The AFL’s head of football Steve Hocking said the changes were required to achieve “a better balance between attack and defence while encouraging more open ball movement” as the downward trend in scoring continued throughout this century.

Hocking would not commit to how much he expected the changes to impact scoring although he acknowledged it was clearly the intent of the changes and said player welfare was front of mind when the AFL decided to reduce the interchange numbers by just 17 per cent.

“What we have aimed to do is create more time and space in the game. A lot of defensive layers have crept in over time,” Hocking said.

He said the competition committee did not consider reducing the number of players on the ground from 18 to 16 as the number was enshrined in the game’s charter. The committee also ruled out introducing a last-touch rule as teams would only set up defensively to counteract its influence.

The radical trial of more zones in the second-tier competition will require a minimum of three pairs of players to be in each of the two 50-metre arcs at boundary throw-ins and kick-ins.

The existing rule, which requires teams to break into six pairs of players in each zone for centre bounces, will remain and run in tandem with the new trial.

The move for a half-reset of player positions at the boundary throw-ins and kick-ins is a significant next step in the push to de-clutter the game with the AFL to research the impact of the shift during 2021.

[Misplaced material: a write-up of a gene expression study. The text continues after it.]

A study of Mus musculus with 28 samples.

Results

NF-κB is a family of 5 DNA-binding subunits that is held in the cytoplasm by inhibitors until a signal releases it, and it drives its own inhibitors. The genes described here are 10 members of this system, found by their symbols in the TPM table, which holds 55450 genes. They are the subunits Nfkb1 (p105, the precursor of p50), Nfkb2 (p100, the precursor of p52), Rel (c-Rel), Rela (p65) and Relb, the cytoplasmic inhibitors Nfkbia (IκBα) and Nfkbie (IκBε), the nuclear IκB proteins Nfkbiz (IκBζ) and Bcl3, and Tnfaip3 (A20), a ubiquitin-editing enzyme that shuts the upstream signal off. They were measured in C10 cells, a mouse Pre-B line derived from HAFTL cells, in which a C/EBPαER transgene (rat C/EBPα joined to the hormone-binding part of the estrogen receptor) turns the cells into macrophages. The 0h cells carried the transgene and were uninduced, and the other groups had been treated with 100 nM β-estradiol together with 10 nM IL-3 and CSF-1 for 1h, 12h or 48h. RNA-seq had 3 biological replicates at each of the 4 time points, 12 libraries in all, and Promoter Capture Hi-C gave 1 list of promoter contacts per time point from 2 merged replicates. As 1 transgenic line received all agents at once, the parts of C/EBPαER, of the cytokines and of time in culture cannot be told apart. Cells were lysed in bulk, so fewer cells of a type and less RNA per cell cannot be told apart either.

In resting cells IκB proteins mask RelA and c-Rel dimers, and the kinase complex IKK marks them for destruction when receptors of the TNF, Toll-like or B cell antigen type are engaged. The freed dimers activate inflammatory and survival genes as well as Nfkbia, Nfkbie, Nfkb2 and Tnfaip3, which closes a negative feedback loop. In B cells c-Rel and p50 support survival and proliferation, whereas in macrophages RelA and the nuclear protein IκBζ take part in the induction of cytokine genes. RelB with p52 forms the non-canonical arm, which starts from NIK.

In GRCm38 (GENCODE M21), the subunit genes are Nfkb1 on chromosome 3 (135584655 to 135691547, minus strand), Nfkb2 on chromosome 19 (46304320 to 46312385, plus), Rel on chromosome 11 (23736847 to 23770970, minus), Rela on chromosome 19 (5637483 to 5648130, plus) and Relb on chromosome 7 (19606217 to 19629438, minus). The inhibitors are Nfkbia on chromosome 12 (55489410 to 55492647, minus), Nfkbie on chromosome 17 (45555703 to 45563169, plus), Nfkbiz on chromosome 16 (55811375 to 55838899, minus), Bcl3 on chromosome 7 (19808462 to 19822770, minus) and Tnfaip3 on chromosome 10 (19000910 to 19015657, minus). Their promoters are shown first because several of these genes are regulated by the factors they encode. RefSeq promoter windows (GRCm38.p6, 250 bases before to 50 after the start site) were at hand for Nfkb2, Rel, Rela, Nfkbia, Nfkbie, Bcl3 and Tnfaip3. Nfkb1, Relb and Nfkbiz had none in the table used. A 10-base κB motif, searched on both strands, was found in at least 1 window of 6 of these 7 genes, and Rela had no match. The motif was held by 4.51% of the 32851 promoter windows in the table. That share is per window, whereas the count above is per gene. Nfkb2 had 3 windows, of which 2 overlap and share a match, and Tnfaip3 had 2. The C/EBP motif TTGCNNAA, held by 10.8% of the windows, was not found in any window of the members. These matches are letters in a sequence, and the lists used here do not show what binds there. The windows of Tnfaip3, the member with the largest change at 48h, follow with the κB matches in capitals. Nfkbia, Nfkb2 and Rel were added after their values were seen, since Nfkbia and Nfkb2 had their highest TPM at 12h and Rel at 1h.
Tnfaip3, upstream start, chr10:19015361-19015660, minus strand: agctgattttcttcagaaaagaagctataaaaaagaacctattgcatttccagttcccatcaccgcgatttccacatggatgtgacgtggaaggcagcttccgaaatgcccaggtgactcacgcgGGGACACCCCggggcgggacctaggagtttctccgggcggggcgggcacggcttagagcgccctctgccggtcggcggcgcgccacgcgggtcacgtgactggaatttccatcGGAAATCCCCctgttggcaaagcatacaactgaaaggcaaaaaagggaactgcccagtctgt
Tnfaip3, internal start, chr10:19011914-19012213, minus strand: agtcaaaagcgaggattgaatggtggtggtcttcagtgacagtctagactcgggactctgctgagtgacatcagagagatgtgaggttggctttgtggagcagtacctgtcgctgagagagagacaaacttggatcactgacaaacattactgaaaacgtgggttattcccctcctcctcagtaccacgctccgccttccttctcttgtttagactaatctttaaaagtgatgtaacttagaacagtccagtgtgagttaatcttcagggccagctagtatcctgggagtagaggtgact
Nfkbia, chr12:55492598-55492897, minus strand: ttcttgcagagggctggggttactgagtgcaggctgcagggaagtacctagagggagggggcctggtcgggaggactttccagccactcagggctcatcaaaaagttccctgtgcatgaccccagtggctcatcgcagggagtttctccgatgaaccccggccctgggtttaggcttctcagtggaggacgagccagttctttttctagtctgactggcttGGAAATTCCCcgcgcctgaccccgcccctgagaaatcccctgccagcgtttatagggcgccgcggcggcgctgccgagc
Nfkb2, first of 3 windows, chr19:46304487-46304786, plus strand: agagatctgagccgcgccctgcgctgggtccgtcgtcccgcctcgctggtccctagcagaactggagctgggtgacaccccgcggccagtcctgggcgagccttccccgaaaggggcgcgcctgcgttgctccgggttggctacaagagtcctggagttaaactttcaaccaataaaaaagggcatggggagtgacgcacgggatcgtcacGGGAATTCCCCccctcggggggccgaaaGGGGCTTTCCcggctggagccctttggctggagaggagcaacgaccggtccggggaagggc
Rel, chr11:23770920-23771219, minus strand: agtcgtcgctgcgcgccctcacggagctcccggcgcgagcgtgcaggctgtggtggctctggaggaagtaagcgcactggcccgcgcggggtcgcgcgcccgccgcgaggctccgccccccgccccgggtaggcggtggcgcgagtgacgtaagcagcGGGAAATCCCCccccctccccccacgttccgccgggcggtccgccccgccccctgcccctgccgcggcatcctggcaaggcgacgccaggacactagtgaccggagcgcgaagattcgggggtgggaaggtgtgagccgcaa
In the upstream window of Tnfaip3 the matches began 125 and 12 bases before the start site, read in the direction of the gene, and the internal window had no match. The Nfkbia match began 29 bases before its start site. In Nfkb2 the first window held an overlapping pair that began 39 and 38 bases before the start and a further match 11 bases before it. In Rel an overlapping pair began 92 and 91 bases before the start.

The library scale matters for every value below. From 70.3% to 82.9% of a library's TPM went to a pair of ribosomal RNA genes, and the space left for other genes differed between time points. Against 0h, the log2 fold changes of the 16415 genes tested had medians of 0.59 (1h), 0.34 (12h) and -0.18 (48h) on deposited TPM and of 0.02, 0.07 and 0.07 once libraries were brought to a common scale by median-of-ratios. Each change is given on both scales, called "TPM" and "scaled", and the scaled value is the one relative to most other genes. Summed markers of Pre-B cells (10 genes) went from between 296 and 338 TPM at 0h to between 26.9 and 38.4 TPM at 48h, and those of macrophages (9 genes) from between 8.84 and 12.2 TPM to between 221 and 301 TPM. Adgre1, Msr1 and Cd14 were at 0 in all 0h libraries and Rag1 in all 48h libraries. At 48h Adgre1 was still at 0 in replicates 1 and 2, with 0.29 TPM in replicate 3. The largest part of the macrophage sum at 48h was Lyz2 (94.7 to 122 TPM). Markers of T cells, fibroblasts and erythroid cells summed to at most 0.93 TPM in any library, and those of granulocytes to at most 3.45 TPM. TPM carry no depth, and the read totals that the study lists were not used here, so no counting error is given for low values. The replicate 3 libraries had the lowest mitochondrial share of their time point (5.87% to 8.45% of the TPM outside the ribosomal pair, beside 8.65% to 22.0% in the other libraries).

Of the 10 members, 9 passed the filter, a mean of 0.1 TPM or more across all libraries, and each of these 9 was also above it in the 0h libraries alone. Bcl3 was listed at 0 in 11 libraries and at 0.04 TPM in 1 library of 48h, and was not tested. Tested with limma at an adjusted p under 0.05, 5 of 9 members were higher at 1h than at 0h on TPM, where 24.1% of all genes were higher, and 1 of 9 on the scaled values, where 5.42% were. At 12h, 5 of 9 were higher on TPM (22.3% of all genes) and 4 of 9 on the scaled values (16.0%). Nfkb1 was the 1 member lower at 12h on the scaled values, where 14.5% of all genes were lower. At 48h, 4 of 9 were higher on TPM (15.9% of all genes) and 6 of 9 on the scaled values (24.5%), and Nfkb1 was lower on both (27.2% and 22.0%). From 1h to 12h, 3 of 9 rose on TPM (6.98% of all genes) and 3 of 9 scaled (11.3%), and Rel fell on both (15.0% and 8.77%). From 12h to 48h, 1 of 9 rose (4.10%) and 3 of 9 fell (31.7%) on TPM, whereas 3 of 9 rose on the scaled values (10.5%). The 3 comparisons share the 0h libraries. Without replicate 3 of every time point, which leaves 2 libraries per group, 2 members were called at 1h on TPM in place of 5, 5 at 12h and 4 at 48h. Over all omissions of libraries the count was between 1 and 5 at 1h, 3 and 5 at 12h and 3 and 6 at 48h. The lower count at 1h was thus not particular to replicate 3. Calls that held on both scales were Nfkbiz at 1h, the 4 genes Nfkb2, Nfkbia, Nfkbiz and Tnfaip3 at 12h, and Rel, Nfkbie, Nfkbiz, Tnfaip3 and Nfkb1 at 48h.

The AFL said in a statement that the “officiating umpire will not recommence play until all players are in position. Where a team fails to comply at a boundary throw-in, a free kick shall be awarded to the player of the opposing team at the point of the stoppage. Where the attacking team fails to comply at a kick in, a 50-metre penalty shall be awarded to the defending team.”

It is as yet unknown how long players will have to get back in position,but Hocking said the rule would shift player habits, making them more likely to spread across the ground rather than migrating towards the ball.

Ball-ups are not included under the new rule and the AFL also confirmed it would maintain the ruck nomination rule.

An email to clubs from the AFL on Wednesday advising of the rule said the game would have to wait for players to be in position before it resumed, but said details of how it would be umpired would be communicated later. Hocking said he was confident the officials would manage.

He said the AFL had not yet decided how long quarters would be in 2021 after they were reduced from 20 to 16-minute quarters in 2020.

The AFL has been working through potential options for the fixture with clubs and there is a chance the fixture will not be announced until January next year.